I admit that this week, wait… this is Sunday, so last week was extremely hard for me. I had to take a small break from writing and refocus. Monday, at physical therapy I found out the muscles in my shoulders and neck are inflamed. Because of this, I’ll be spending two hours at physical therapy instead of one so my shoulders and hip can both be worked.
Wednesday, I received a horrible email from one of the editors of a company I’ve been working with since I was a teenager. The owner was a dear friend of mine, but I hadn’t heard from him in a long time. I had emailed her to ask how he was doing, she, unfortunately, let me know that he died in January. I’ll talk more about this in another blog post today.
Thursday night, I wasn’t paying attention to what I was doing and I slipped and fell in the bathroom. I was already an emotional mess so this just pushed me over the edge, thankfully, though, I didn’t break or mess up anything that had already been fixed. After floating through the clouds of being an emotional hot mess, I really needed something to anchor me back down to earth.
Yesterday, I was spending time with my next-door neighbor. I’ve unofficially-officially adopted her as my grandmother. We watch tv, bake sweets, and she feeds my newly acquired need for Gatorade. We were discussing what sweets she was going to make next and I asked her if she ever made Kentucky Cream Pie. She said she didn’t know what it was. I told her about it, and that’s what we decided to make.
As I mentioned in my, Learning About My Family History Led Me to K-POP, my grandfather was originally from Mount Sterling, KY. Kentucky Cream Pie was something he grew up having. My mother made it for him a few years ago before he died, making it yesterday, made me think of him too.
Now, because it’s a Kentucky tradition and it’s been passed down through generations, it has many names. Our family knows it by Kentucky Cream Pie. But I’ve also heard it been called a transparent pie, sugar pie, and chess pie. We have a friend in Greenup Kentucky, who has a similar recipe but knows it by Vinegar Pie.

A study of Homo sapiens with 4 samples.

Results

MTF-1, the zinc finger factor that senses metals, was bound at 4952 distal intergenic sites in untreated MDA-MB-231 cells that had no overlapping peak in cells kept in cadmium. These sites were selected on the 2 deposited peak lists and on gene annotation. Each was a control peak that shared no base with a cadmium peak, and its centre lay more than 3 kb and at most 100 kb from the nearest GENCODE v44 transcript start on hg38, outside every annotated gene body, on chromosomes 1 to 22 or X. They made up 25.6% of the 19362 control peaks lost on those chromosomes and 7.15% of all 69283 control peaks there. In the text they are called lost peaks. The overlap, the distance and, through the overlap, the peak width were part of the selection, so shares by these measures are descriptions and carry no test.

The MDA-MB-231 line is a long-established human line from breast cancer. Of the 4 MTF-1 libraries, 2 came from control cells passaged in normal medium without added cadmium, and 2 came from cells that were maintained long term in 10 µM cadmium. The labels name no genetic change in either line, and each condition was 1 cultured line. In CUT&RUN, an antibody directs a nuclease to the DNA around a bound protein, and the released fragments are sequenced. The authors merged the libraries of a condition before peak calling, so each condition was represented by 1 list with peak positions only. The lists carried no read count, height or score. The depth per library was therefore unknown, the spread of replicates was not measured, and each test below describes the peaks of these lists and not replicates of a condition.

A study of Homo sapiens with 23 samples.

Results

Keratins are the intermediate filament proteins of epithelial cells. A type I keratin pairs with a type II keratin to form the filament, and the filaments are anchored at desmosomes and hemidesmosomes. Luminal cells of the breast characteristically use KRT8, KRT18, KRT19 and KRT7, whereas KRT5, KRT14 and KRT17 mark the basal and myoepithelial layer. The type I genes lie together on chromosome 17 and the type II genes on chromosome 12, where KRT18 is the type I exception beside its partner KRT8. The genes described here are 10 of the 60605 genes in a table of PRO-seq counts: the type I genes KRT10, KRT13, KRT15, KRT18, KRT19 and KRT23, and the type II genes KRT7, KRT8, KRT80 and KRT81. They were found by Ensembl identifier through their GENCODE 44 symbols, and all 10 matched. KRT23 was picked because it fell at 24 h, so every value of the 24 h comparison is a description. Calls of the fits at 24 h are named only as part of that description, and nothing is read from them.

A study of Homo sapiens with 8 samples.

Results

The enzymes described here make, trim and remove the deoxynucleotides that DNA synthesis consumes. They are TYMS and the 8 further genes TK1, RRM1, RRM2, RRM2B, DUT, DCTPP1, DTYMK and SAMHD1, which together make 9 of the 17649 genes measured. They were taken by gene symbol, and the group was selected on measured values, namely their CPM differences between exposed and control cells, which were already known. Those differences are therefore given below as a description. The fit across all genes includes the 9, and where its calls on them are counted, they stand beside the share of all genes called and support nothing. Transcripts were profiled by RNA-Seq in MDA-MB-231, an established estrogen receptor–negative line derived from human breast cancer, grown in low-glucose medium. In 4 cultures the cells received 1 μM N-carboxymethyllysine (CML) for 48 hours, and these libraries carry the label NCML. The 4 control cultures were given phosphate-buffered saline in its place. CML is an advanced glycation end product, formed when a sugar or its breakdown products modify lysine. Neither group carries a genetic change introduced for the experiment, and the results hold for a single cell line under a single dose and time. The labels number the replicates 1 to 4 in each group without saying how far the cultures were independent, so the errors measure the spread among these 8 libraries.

The family recipe that we follow calls for you to split the eggs. Use the egg yolks in the batter and the egg whites for the meringue on top of the pie. But our family recipe is also written inside of a Southern Living, 1983 Annual Recipes book. The recipe was written down by my mother, who will tell you that she’s not the best note taker. If you would like to follow our family recipe, here you go, I wish you the best:
As you are probably guessing, I didn’t follow the family recipe. I found a similar recipe at www.thespruce.com. We did not make the crust, we just used store bought. But in the link, they do have a recipe on how to make your own crust.
- 4 large eggs
- 2 cups of sugar
- 2 tablespoons of flour
- 1/2 cup of melted butter
- 1 cup of heavy cream
- 1/4 teaspoon of salt
- 1 teaspoon of vanilla
Whisk the eggs in a mixing bowl, then add the rest of the ingredients. Just as a word of caution, reduce the speed of your mixer when you add the heavy cream. Or else your floor may end up like this:
If you haven’t made a mess of your kitchen, you can proceed to pour the mixture into your pie crust. The recipe that we were following said to use a pie shield, but we didn’t do that.
Temperature: 350 F
The recipe also said that cook time would only be 55 minutes, we didn’t find that to be true. Truly, it ended up being more like an hour and 10 minutes. Let it cool on a rack and then chill before serving.
And here we have it, Kentucky Cream Pie. Those curious about the taste that has never had it, simply put, it’s pecan pie without the pecans. That’s the best way I can describe it. If you don’t like custard or eggs, you may not find this enjoyable. But for me, this was a taste of home.